The Building Was Home to Seniors—and a Serial Killer

A deep dive into what happened at Brooklyn's Woodson Houses
By Kate Seamons,  Newser Staff
Posted Oct 16, 2021 2:15 PM CDT
In a Building of Seniors, a Murder. Then Another
Stock photo.   (Getty Images)

"How many people can say they know a serial killer and everyone that he killed?" It's a chilling question that a resident of the Carter G. Woodson Houses in Brooklyn poses in a lengthy piece by New York Magazine about the killings that took place there over a series of years. As Greg Donahue explains, the block-long complex is tough to get into: It's one of just 38 public-housing developments in NYC open only to seniors, but that doesn't mean it's a particularly safe place. The Woodson Houses were in a rough neighborhood; security was lax, and there were no surveillance cameras. At first, their absence didn't seem problematic after Myrtle McKinney was found dead in her apartment on Nov. 9, 2015: Police suspected she had fallen and hit her head and deemed it the result of natural causes.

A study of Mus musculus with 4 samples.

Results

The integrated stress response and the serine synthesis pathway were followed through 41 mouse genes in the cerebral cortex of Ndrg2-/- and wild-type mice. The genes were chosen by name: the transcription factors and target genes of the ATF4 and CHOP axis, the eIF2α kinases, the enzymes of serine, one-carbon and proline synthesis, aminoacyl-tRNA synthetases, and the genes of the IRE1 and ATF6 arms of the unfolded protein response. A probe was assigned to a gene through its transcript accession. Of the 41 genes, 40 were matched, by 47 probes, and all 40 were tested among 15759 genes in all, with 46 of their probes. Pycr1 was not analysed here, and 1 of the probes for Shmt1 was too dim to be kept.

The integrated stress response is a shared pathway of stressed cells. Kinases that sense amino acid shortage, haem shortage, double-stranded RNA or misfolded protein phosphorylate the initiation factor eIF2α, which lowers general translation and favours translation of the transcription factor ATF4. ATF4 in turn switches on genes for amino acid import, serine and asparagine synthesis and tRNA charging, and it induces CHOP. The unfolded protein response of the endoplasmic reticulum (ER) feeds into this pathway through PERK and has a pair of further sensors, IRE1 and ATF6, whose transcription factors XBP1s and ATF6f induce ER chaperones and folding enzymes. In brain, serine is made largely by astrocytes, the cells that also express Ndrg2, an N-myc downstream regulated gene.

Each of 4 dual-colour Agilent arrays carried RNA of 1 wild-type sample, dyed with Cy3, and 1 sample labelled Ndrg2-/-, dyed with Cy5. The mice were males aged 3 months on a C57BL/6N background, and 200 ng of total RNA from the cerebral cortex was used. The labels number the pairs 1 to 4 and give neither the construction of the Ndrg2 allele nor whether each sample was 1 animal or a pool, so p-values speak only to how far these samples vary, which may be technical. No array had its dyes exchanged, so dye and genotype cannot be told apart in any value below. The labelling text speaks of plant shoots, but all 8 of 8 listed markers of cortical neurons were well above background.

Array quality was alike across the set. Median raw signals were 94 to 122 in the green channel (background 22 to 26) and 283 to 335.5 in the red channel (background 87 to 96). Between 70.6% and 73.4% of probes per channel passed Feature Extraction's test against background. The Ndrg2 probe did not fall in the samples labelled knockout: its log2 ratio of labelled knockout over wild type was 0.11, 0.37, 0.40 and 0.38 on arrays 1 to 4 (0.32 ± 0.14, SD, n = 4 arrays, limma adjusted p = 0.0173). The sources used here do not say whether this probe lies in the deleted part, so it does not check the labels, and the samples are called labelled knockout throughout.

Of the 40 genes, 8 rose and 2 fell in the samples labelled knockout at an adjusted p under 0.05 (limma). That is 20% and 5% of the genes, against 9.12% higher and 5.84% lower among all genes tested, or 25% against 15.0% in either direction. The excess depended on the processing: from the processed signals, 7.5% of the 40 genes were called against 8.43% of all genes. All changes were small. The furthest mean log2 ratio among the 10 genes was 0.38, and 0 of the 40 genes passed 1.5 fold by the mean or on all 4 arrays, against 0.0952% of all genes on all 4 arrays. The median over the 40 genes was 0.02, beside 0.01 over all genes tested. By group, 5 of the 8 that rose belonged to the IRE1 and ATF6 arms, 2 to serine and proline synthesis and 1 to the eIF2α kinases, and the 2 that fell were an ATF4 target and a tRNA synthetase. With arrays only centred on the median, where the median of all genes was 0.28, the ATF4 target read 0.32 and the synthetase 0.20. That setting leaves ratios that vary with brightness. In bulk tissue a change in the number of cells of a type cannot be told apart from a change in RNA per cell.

Her children disagreed. Though there was no sign of forced entry, the body was positioned far enough under the table that a fall seemed improbable. They urged the NYPD to take another look, with no results, and they didn't have the $15,000 an autopsy would cost (the city wouldn't pay since she wasn't considered a crime victim). Roughly a month later, McKinney's body was finally moved to a funeral home to be prepared for burial—and that's when the long gash on the back of her neck was discovered. After a call to police, that autopsy finally took place and confirmed she had been stabbed in the neck. The investigation went nowhere—her apartment had long since been cleaned out. Ditto the calls for a CCTV system or better security. Then in early 2019, Jacolia James was found strangled to death. (Read the full piece for more on the third murder, the suspect who lived among them, and the residents' uphill battle with NYC for protection.)